PRETTY MUCH EVERY aspect of whisky production on Speyside is set to be scrutinised by an appreciative public at the forthcoming Spirit of Speyside Festival.
While unique access to distilleries that would not normally be open to the public will be high on the agenda for the thousands of visitors to the region, among the 500 events taking place this year will see many visiting other important sites in the production process.
There would be no whisky without barley and tours of Boortmalt Buckie Maltings will reveal all aspects of malting process including drying, storage, steeping, germination and kilning. The process will be described at each stage and its influence on distilling performance.
The small Speyside Distillery near Aviemore is the most southerly in the Speyside region, and it throws open its doors especially for the Festival, to welcome a limited number of guests to its Art of Distilling tour.
And providing the expert touch will be writer Dave Broom, who will deliver a Whisky Mountain Tasting of special drams featured on the Festival toposcope at the summit of nearby Ben Rinnes. The good news is that participants don’t have to pull on hiking boots and climb the region’s highest summit to enjoy this one – it takes place in its shadow, the comfortable surroundings of Edinvillie Hall.
Dave will share what makes Speyside and its whiskies so special to him, guide participants through the nosing and tasting of his personal selection of six very special malt whiskies from distilleries associated with this ‘whisky mountain’ and which are featured.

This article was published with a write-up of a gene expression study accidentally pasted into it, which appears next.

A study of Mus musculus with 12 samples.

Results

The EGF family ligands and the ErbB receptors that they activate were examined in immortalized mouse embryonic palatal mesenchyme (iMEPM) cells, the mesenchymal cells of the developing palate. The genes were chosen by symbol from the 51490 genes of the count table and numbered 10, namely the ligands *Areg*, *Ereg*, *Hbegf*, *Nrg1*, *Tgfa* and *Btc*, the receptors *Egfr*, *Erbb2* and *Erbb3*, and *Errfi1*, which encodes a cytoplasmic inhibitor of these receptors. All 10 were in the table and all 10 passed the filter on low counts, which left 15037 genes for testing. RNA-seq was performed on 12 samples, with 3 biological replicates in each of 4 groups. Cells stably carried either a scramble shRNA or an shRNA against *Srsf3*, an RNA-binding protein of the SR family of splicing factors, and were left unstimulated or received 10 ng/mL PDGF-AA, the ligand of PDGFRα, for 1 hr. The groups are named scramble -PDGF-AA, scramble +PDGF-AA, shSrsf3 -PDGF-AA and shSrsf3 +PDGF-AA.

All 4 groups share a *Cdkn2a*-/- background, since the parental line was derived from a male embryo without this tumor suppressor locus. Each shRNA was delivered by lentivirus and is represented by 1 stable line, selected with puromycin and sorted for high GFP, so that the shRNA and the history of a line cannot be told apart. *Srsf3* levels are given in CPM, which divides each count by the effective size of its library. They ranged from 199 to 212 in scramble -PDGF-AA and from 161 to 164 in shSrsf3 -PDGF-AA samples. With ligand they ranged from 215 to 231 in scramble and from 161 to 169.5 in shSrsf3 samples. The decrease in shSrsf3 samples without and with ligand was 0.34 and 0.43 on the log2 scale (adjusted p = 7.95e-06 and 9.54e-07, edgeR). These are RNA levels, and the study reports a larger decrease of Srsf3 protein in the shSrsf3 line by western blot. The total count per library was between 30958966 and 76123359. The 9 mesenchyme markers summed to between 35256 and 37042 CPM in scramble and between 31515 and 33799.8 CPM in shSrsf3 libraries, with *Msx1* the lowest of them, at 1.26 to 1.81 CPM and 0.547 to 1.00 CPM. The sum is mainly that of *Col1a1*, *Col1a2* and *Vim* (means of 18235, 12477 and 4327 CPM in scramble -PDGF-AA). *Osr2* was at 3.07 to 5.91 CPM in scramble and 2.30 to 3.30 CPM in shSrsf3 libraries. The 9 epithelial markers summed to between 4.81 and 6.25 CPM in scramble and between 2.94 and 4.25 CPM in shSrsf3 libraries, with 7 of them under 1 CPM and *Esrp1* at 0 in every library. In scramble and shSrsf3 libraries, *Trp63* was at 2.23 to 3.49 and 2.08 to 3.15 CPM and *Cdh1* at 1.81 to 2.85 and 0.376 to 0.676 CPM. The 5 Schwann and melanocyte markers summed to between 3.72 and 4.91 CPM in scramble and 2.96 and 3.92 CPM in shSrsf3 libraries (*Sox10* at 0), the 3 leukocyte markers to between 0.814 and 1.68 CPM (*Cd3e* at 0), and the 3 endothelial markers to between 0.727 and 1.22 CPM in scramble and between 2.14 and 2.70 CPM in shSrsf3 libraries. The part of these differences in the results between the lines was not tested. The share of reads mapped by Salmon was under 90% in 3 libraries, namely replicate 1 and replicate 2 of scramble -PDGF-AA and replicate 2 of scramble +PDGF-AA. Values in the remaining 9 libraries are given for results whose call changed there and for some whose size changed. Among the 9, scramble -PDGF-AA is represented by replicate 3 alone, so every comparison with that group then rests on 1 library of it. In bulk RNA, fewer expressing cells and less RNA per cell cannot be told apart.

Most of these will have been specially drawn from casks by distillery managers at his specific request and they include some outstanding releases which have recently attracted his attention.
Alchemy and Angels will reveal fascinating secrets about the history and distillation of The Glenlivet from master distiller Alan Winchester. Alan, who was recently named the top Master Distiller of the Year, has spent over 40 years distilling whisky and is responsible for the enduring legacy of the iconic single malt.
He will be joined by maturation director Brian MacAulay who is responsible for the selection of the casks used to mature this single malt whisky, who will share a tasting of drams from a selection of casks to illustrate their influence on the new spirit.
And for those who are utterly devoted to furthering their knowledge about Scotch malt whisky, there are still some places available at the Spirit of Speyside Whisky School. During this three-day education experience, which starts before the Festival kicks off, students will be guided by experts in the distillation process and learn about all aspects of whisky making from malting to maturation.
All students who successfully complete the course will gain a diploma and a knowledge about whisky making on Speyside that is second to none.
Festival chairman James Campbell says: “Where else in the world can you learn about the art of distilling, pick the next exclusive cask, hear a master distiller discuss alchemy and angels or have a whisky tasting in the shadow of the region’s highest peak all in one weekend?
“The Festival has become a must-do for whisky acolytes at home and abroad and it is thanks to the support of our many partners that we have achieved that status.
“While there may be competitive rivalries within the industry, what we see during the Festival is unity and co-operation, making the Spirit of Speyside Whisky Festival the outstanding success that it is.
“Our partners show imagination and flair in coming up with new and dynamic offerings to add to our programme every year. It’s what sets us apart from other festivals and, I’m sure, it’s what keeps our visitors coming back year on year. It means the Speyside whisky experience is the most authentic you will sample anywhere.”
The five-day festival runs from April 27 to May 1 – information on all of the events taking place and ticket availability can be found online.